Vintage Remedies is a company that was established with the belief that “prevention is the key to health and that natural remedies are usually the best first steps to regain wellness.” I was lucky enough to receive their preschool/kindergarten curriculum entitled Vintage Remedies for Kids.
The guide that I received is divided into three sections (food and drink, health and wellness, healthy lifestyles) for a total of 18 chapters. The first section emphasizes the importance of consuming real foods (very minimally processed) and how the food that we eat can benefit or harm our bodies. The second section focuses on our immune system and how to stay healthy. The final section discusses ways that we can take care of the planet and our community.
Each chapter begins with an informational section for the parents alone and then this is followed by a section that is meant to be read aloud to the child. The read aloud section is generally 2 pages long and only takes a few minutes to read. Each read aloud is also accompanied by a few discussion questions and a few projects that can be completed together.
I really did enjoy this curriculum since our family leans towards the natural living lifestyle and it is very easy for us to relate to all of the suggestions. However, what I didn’t like was the vocabulary that was used at time – to me, it feels like the author is discounting the ability of our children to understand processes that are not all that complicated. For example, the use of the word “tummy” is used repeatedly for the entire GI tract. On page 27 the following sentence is found, “Fiber is important for our bodies because it helps keep our tummies clean!” Why not just use the word “intestines” instead?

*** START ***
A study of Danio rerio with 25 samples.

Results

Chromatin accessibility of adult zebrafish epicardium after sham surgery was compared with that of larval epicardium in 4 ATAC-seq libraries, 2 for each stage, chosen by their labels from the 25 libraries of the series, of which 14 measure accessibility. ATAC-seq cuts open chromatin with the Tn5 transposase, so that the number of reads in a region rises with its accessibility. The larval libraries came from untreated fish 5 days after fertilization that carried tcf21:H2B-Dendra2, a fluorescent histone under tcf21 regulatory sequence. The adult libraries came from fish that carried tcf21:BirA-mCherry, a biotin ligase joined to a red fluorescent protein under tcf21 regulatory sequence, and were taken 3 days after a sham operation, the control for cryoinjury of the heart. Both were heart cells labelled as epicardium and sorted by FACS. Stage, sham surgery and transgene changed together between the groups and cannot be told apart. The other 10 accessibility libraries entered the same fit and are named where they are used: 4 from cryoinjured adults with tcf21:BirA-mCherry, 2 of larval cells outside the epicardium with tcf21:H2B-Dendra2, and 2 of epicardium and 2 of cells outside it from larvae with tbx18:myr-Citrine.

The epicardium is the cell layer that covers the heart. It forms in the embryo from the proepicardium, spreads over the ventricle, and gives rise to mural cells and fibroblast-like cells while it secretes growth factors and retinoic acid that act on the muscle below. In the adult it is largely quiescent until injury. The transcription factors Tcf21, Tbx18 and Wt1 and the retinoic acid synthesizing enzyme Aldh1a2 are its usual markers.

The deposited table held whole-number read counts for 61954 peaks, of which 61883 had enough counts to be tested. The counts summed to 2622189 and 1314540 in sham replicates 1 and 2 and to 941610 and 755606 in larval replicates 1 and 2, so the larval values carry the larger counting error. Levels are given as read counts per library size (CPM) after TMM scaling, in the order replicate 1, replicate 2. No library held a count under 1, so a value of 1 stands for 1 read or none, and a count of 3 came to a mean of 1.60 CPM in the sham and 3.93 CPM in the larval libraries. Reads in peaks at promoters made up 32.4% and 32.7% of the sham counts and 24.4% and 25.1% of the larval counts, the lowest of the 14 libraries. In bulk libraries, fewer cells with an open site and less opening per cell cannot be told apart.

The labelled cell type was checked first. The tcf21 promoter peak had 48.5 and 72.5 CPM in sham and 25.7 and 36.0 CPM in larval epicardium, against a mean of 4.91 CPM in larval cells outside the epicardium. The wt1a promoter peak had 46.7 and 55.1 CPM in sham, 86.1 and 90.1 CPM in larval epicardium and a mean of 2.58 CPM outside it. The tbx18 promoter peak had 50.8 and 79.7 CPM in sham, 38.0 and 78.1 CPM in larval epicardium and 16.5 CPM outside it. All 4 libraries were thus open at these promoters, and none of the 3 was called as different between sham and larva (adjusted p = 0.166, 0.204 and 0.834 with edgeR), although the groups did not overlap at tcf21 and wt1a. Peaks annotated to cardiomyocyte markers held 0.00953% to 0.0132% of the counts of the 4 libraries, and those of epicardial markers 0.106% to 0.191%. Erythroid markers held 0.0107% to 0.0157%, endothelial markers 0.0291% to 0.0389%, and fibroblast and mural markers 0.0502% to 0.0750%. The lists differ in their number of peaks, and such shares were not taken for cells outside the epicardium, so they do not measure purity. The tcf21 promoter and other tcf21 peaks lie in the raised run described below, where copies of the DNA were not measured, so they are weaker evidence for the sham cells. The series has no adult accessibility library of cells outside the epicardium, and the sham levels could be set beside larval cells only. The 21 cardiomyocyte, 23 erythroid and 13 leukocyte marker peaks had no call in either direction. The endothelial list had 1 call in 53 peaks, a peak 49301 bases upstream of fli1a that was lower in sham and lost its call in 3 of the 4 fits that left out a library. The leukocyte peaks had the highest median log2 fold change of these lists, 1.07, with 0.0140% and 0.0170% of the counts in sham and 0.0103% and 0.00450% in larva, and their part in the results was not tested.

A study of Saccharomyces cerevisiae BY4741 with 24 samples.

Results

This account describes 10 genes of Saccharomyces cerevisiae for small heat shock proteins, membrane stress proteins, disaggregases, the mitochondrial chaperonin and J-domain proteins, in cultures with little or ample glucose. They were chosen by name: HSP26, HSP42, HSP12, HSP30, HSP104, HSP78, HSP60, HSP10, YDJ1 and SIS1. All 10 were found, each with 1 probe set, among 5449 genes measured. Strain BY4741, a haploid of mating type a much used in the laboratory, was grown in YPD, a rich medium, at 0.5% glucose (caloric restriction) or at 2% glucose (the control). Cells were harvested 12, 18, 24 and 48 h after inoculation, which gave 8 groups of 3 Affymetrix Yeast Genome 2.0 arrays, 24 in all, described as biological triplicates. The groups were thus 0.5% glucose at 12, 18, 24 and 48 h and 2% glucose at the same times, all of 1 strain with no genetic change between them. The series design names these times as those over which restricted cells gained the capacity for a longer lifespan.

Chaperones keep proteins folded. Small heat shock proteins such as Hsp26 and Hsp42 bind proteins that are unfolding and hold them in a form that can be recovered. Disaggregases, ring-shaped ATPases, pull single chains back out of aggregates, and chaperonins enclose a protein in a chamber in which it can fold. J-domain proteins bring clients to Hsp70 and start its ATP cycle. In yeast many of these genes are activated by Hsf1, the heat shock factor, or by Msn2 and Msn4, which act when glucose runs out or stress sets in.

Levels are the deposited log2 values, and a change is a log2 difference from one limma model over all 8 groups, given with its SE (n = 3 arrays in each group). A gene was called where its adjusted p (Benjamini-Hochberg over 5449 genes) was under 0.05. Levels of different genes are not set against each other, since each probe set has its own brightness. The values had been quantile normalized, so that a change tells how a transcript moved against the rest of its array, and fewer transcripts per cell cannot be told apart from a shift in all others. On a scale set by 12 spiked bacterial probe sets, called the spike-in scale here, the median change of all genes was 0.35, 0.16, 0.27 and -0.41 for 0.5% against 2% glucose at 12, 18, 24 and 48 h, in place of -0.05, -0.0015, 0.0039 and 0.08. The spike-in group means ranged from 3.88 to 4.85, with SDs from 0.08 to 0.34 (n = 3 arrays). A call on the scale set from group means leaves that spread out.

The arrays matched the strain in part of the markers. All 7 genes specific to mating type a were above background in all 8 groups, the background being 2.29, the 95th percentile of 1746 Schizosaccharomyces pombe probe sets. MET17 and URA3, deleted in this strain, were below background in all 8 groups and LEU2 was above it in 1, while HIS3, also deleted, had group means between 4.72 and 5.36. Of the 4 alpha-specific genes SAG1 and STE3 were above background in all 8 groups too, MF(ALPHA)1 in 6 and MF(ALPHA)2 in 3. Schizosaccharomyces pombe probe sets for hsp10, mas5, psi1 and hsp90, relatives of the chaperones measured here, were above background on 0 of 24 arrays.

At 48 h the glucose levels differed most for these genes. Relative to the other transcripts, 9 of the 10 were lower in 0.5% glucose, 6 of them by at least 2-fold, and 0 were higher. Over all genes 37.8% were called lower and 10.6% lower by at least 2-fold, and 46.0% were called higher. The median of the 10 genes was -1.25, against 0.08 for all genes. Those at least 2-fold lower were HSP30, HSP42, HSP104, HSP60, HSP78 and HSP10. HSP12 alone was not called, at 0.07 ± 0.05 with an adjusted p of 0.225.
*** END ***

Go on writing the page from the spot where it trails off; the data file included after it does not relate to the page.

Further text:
I also was not impressed with the section on Health and Wellness. One of the first suggested activities is to watch a caterpillar turn into a butterfly (which the author incorrectly states the caterpillars form a cocoon, since only moths do this) to demonstrate the many changes that take place as children grow. I really do not understand the connection between child development and metamorphosis. Bacteria and viruses are also referred to as “bugs.” Even fireflies and ladybugs are referred to as bugs and they are not bugs, but insects.
It may be that I am fairly nitpicky with word choice because of my science background, but I see little reason to confuse our children with a too simplistic approach to something as fundamental as our health.
This book has some great talking points and suggested activities; I disagreed with just a few parts. This could be a great health curriculum if you spend two weeks on each chapter, and take the time to do all of the suggested extras.
Find out what other TOS Crew members thought about the Vintage Remedies products here.
I received a free copy of Vintage Remedies for Kids for the purposes of this review; no further compensation was given for my honest opinion.